NWFRS ruling will stall development permits
A decision by Whatcom County hearing examiner Michael Bobbink that certain Birch Bay developments may proceed without having to pay fees the fire department says it needs to service the developments was overturned on appeal in Whatcom County superior court last Monday afternoon.
The ruling effectively halts most if not all of the building permit process in the Birch Bay urban growth area (UGA), according to attorney Jon Sitkin, whose firm represented North Whatcom Fire and Rescue Service (NWFRS). While it does not apply outside the Birch Bay UGA, it stops all permitting for subdivisions and commercial developments until the matter of concurrency is resolved, Sitkin said.
Philip Buri, attorney for the developers, said that no decision has been made about appealing the matter, which in this case would be to the appellate court in Seattle. Until Snyder issues a written ruling in a few weeks the impact of his decision cannot be fully explored.
Sitkin’s legal partner Frank Chmelik, who appeared before the NWFRS commissioners on his behalf, said that Judge Snyder ruled that it’s up to Whatcom County to demonstrate concurrency, that is, that adequate fire protection can be provided for a projected development. Citing section 20.80.212 of the Whatcom County Code, Snyder said that if concurrency cannot be demonstrated or verified by a letter from the fire department then permits for a development may not proceed. The section, passed in 1998, says that no subdivision, commercial development or conditional uses shall be approved without a written finding that:
(1) All providers of water, sewage disposal, schools, and fire protection serving the development have issued a letter that adequate capacity exists or arrangements have been made to provide adequate services for the development.
(2) No county facilities will be reduced below applicable levels of service as a result of the development.
Both the hearing examiner and the county council ruled last year that the proposed 200-unit Horizons Village at Semiahmoo could proceed without having to pay a fee requested by NWFRS that they said they needed to guarantee a level of protection concurrent with the amount of development taking place.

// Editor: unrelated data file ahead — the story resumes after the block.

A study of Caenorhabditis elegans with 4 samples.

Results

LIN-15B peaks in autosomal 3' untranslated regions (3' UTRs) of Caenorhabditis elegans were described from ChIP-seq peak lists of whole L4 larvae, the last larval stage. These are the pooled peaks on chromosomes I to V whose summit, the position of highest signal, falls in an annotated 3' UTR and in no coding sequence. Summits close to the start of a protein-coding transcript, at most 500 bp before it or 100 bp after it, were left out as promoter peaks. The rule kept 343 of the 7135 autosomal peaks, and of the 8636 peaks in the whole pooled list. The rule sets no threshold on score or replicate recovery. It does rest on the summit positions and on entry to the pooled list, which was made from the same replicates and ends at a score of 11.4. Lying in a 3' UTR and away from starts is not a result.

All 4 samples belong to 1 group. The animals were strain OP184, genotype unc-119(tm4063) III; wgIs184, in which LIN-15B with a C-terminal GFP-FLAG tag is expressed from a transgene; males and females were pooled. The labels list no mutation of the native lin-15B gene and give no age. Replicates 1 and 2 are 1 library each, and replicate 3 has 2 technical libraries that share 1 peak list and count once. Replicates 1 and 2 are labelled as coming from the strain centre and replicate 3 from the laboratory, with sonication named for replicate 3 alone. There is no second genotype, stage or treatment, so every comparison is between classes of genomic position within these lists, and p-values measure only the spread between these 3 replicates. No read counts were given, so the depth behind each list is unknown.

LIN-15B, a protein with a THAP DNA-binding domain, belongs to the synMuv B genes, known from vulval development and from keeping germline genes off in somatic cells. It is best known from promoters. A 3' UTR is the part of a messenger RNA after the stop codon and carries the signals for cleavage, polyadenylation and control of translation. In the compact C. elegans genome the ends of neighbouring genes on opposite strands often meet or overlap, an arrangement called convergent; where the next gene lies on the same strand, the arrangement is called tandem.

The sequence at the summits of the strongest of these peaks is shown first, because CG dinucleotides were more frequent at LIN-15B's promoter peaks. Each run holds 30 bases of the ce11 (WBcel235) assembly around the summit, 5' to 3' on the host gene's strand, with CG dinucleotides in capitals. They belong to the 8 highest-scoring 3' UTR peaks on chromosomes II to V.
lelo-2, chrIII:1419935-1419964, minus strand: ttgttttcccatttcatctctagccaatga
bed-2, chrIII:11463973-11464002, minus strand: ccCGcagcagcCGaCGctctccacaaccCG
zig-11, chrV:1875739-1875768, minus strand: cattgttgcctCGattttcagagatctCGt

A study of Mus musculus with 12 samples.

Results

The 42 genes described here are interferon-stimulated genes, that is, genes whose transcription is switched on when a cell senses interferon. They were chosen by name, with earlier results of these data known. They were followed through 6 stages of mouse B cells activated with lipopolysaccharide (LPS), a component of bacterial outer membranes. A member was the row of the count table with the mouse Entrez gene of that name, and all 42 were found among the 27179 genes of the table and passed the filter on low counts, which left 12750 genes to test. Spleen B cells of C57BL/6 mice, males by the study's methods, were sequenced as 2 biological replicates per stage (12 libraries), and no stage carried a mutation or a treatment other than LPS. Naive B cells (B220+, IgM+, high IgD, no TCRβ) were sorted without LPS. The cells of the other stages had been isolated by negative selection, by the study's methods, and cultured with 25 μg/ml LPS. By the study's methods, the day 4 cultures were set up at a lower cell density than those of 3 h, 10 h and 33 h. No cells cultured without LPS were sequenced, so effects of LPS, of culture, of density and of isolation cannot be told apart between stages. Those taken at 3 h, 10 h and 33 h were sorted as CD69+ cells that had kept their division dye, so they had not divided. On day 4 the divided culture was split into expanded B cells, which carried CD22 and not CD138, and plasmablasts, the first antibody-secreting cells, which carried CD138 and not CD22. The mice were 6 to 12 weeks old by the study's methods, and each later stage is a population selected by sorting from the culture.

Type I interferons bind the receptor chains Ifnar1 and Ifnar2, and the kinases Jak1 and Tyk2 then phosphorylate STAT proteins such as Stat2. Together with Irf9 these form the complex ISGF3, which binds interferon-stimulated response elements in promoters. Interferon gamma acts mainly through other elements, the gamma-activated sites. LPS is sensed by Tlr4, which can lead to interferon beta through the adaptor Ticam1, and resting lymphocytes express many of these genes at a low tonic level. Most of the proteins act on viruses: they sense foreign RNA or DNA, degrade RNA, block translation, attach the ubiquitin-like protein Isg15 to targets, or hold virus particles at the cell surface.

Citing state law, hearing examiner Michael Bobbink found that rural fire departments such as NWFRS, which in this lawsuit was identified as Fire District 21, cannot assess such fees. The county council agreed and approved the development, so Fire District 21 sued in Whatcom County superior court.
Monday afternoon judge Chuck Snyder handed down his verbal opinion in favor of the fire district, saying that impact fees aside, the fire department must furnish a letter of concurrency, and development may not proceed until a way can be found to either increase the service capacity of the fire department or reduce the amount of development.
“We’re not anti-growth,” said NWFRS chief Tom Fields, “but we do want to sit down with the county and the developers and figure this out. It’s not about money so much as it is about our capacity to offer service to all these new homes.”
Last year Fields proposed a fee per building lot that would allow NWFRS to expand its equipment and hire new personnel, and while some developers paid it several resisted, among them Jim Bovenkamp of Lynden, principal backer of Horizons Village at Semiahmoo.
Three other projects, Birch Bay Center/Mayflower Equities, Harborview Road Development and Bay Breeze Cluster Platt, also were named in the lawsuit.
“The issue isn’t money so much as it is our ability to meet what the growth management act (GMA) requires, that the capacity of our ability to serve keeps pace with the amount of service we have to provide,” Fields said. “Fees are one way to do that, but they’re not the only way to do that.”